Feds to Follow ProPublica, Release Dialysis Clinic Data
Officials with the Centers for Medicare and Medicaid Services told Sen. Grassley they are now providing Dialysis Facility Reports, statistical compilations on each of the nation’s 5,000-plus dialysis clinics, to anyone upon request and are trying to add the reports to Medicare’s Dialysis Facility Compare website.
Federal regulators say they are moving to make once-confidential data about the performance of kidney dialysis clinics more readily available to the public.
The move, disclosed in a letter to Sen. Charles Grassley, R-Iowa, follows a ProPublica investigation last year that revealed substandard care and weak oversight in some clinics.
Officials with the Centers for Medicare and Medicaid Services told Grassley they are now providing Dialysis Facility Reports, statistical compilations on each of the nation's 5,000-plus dialysis clinics, to anyone upon request. They also said they were trying to add the reports to Medicare's Dialysis Facility Compare website.
Practically speaking, patients already have access to the data, though not from the government: ProPublica obtained the reports from CMS late last year under the Freedom of Information Act and posted them in December.
Still, the plan reflects a shift in approach for CMS, which has used public money to collect and analyze the data in the reports for more than a decade but has never shared it with the almost 400,000 Americans whose lives depend on dialysis.
CMS regulates dialysis clinics because most dialysis treatments are paid for by Medicare under a special entitlement created in 1972. In December, Grassley pressed the agency to spell out what steps it was taking to improve the system, which has among the highest mortality and hospitalization rates in the industrialized world.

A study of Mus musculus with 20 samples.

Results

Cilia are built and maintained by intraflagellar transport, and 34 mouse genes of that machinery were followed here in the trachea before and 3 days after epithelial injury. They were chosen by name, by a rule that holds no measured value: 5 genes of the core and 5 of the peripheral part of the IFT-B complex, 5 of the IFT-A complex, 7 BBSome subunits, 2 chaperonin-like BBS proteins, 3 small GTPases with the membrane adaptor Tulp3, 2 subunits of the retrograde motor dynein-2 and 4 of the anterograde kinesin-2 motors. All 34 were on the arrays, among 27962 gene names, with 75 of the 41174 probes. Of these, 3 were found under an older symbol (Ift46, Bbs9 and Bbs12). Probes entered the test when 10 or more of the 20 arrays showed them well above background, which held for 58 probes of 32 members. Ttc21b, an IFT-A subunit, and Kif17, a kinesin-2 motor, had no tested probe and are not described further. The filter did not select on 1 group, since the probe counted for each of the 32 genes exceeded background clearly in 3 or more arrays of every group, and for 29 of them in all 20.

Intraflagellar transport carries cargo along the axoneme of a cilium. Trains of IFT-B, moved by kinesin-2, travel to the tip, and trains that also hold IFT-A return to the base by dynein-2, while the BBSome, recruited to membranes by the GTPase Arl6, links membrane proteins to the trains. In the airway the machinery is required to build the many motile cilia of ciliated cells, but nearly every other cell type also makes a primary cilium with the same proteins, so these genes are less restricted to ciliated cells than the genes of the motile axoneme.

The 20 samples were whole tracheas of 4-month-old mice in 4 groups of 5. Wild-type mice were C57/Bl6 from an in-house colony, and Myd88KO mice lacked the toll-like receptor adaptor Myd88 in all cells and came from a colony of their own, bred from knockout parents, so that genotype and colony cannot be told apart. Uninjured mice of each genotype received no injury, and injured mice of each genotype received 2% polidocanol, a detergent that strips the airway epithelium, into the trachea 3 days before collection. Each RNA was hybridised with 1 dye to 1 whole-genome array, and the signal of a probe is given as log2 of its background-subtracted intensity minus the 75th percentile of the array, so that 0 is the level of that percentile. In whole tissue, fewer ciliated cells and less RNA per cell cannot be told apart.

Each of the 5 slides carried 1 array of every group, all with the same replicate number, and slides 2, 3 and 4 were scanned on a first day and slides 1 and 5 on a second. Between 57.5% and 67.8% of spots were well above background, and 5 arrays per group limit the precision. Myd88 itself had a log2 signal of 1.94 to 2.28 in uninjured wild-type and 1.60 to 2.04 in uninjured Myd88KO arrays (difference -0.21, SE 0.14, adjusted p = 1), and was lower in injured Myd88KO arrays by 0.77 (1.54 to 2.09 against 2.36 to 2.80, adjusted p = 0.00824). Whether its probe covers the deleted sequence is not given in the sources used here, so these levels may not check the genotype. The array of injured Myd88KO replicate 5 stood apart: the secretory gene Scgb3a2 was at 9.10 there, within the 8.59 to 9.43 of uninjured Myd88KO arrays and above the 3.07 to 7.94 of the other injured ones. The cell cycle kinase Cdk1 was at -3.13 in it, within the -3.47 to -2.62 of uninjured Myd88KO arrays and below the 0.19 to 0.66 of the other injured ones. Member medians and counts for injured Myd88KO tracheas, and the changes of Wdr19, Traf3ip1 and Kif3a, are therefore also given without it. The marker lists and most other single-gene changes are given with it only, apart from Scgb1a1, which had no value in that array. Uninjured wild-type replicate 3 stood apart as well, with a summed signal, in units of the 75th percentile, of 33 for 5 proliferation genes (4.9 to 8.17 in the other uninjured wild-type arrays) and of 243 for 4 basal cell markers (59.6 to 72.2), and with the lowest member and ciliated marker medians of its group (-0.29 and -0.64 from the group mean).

His request was prompted by ProPublica's stories, which showed that patients often received treatment in environments that were unsafe or unsanitary. Our review of eight years of inspection records for more than 1,500 clinics turned up hundreds of lapses in care, some of which led to patient injuries or deaths. Though clinics are supposed to be checked once every three years on average, we found that hundreds had not been inspected for five years or more.
In their response to Grassley, CMS officials acknowledged that more than one-third of states had fallen short of inspection targets in fiscal year 2009. They said they had introduced tougher standards that had improved the quality of these checks, making them more comprehensive.
Since 2006, the agency also has introduced more frequent, targeted inspections for underperforming facilities, and officials said they were considering hiring an outside contractor to assist states with overdue inspections.
Grassley said the changes described by CMS were welcome, if overdue.
"More scrutiny and transparency are good for consumers," he said. "However, it shouldn't take an investigative media exposé and pressure from Congress to make these improvements happen. Ensuring decent care at dialysis facilities should be standard operating procedure for CMS. Patients deserve it, and the taxpayers are paying for it."
According to CMS' letter, there are still plenty of opportunities for further progress: 15 percent of the dialysis clinics inspected in the last two fiscal years were found to have deficiencies serious enough to warrant termination from the Medicare program if left uncorrected. The citations handed out most frequently were for inadequate infection control procedures and substandard physical conditions.
CMS officials told Grassley they were working with other federal agencies on an initiative to reduce infections in dialysis clinics and would be releasing an action plan summarizing the agency's dialysis-related efforts later this year.
Nearly 40 years after Congress created a unique entitlement for patients with kidney failure, U.S. death rates and per-patient costs are among the world's highest while the biggest for-profit providers flourish.
The Story So Far
Dialysis holds a special place in U.S. medicine. In the 1960’s, it was the nation’s signature example of rationing, an expensive miracle therapy available only to a lucky few. A decade later, when Congress created a special entitlement to pay for it, dialysis became the country’s most ambitious experiment in universal care.